Just a couple of weeks ago, Peter picked this bounteous collection of blackberries in the brambles out back. He then set up shop at the end of the street, selling 4 oz cartons for $2.00 each. He sold out quickly, and our young gentleman farmer added pink lemonade ice to his menu.
Several mornings ago Pete and I traipsed through the brush to gather more berries, but for the most part they’ve already gone by. There is also a definite chill in the air at night, and a few leaves are changing color as well. Ah summer…
Yesterday I enjoyed a solitary meal of shrimp cocktail, corn on the cob and sun burst tomatoes (Peter called them ‘nomas’ when he was a little guy) out on the deck; I was entertained by the circling hordes of dragon flies.
Seasons and the cycle of life. Everything that lives must die. Recently I was speaking to two very close friends about some of my concerns for my three children in regard to my own passing. “Don’t even think about it!” one of the friends interjected. But I do, because it is part of my reality. As I explained to my friend, even though I look so healthy and full of life, when I awaken in the morning I hear the wheeze in my lungs. I remain active, but I can’t help but note my slowly increasing shortness of breath. I’ve lost a bit of weight and have become aware of other subtle signs that my immune system is once again struggling with a pernicious invader.
I acknowledge that I am going to die: advanced lung cancer is not classified as a terminal illness without reason. Although that fact was not initially easy to accept, I am fortunate that I have had some time to work it out. As I said to Jemesii one day (gotta love those adult children, I can be my baddest self in front of them), “thank goodness I’m dying slowly”.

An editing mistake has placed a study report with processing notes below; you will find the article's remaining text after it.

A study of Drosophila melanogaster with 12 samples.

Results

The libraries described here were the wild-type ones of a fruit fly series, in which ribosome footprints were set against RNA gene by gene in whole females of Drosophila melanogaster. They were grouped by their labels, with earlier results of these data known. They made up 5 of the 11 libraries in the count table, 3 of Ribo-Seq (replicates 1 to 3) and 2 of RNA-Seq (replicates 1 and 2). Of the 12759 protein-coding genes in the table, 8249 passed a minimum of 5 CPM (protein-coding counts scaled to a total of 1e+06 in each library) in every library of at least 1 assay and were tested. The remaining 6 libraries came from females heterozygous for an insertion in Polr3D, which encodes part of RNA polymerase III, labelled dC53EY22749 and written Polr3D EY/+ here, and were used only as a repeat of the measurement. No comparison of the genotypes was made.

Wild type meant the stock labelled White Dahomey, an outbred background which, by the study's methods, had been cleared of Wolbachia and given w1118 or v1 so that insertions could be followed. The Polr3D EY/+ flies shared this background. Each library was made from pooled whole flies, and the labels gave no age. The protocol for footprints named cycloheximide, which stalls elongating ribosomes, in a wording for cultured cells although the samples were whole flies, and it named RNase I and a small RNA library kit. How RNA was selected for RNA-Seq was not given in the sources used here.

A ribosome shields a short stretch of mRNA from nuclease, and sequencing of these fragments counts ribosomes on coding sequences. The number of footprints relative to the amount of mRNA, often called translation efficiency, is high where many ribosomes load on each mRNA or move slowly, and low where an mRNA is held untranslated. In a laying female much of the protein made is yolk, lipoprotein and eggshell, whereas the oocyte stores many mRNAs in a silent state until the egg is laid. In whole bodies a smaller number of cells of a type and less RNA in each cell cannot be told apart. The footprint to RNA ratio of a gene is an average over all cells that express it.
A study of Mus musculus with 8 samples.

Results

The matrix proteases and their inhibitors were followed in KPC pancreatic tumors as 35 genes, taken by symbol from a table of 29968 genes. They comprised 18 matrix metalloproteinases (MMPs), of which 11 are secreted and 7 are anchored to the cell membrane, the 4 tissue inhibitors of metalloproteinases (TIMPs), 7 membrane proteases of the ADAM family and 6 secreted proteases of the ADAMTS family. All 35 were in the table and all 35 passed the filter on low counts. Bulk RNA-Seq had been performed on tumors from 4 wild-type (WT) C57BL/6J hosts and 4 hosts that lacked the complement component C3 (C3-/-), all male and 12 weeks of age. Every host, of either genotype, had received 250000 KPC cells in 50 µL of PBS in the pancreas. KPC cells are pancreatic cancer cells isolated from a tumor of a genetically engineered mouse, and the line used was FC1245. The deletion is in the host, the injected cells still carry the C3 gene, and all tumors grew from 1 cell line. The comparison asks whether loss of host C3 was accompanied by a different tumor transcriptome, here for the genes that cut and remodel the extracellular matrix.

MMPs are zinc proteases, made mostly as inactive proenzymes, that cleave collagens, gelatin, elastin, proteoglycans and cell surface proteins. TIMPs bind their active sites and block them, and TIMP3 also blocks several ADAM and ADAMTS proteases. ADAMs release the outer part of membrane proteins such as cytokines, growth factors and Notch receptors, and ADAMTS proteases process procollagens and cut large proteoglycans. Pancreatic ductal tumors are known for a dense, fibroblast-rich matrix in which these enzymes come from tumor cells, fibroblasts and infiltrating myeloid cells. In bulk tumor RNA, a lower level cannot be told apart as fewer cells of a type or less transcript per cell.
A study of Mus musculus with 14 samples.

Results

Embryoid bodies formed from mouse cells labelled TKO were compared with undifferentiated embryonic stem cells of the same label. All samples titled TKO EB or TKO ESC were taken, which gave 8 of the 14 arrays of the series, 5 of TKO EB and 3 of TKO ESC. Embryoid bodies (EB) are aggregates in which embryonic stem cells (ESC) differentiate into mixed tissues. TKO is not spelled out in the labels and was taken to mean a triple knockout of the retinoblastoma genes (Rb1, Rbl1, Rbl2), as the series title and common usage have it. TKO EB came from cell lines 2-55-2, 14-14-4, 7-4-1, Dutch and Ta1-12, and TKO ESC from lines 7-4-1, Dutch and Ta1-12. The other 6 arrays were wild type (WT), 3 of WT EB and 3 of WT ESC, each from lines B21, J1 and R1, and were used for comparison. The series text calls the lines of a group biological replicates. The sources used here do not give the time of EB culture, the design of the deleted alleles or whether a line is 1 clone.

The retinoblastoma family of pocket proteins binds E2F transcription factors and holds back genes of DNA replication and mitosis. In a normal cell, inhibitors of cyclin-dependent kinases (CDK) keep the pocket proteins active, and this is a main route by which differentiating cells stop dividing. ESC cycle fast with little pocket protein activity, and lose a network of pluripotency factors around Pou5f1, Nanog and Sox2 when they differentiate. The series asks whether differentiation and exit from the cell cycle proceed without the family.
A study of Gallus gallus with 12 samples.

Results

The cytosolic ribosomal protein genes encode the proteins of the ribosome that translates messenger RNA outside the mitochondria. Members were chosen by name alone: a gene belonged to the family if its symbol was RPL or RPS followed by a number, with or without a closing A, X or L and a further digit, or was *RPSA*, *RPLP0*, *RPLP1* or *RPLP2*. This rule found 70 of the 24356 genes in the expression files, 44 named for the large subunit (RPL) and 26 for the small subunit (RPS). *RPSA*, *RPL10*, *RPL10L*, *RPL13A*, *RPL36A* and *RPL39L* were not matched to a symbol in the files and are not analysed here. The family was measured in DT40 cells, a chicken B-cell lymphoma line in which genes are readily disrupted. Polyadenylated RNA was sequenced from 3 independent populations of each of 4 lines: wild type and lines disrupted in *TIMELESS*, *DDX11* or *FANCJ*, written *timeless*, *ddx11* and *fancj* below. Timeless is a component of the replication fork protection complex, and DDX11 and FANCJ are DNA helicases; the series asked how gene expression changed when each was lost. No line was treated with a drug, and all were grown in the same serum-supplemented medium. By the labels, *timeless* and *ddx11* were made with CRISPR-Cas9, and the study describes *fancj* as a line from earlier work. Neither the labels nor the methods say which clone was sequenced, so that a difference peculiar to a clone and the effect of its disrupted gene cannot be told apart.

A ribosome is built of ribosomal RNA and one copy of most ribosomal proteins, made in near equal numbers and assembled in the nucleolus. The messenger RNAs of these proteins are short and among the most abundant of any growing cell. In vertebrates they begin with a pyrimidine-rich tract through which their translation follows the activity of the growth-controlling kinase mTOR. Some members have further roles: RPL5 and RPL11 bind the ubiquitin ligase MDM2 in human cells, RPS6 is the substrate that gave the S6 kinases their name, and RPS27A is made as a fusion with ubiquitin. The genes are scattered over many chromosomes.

I’ve had the luxury of being able to move through all the stages of grieving: denial, anger, bargaining, depression, and, finally, acceptance.
I’ve also come to understand more about the nature of fear, and that it is inextricably tied to a lack of experience and things unknown. Cancer, or the big ‘C’, is right up there near the top tier of all things fearful. When first diagnosed, I was terrified. But not anymore. Sad, tired, pissed occasionally, and even a little bored.
The same goes for dying. Death has become my familiar. Not a friend or someone (indulge me in a bit of anthropomorphizing) I would invite into my home; but an oddly intimate and somewhat constant presence.
As uncomfortable as it may occasionally make those close to me, I believe it is important to honor my need “to go there”; to actually embrace (however reluctantly) my own mortality.
It is in no way a morbid obsession; I could hardly be more engaged in the act of living. My willingness to look clearly at what what lies ahead has allowed me to really understand the terrain, and so I can better prepare. Hopefully, not just myself, but those I am close to.
After all, death is really just part of life. You can’t have one without the other.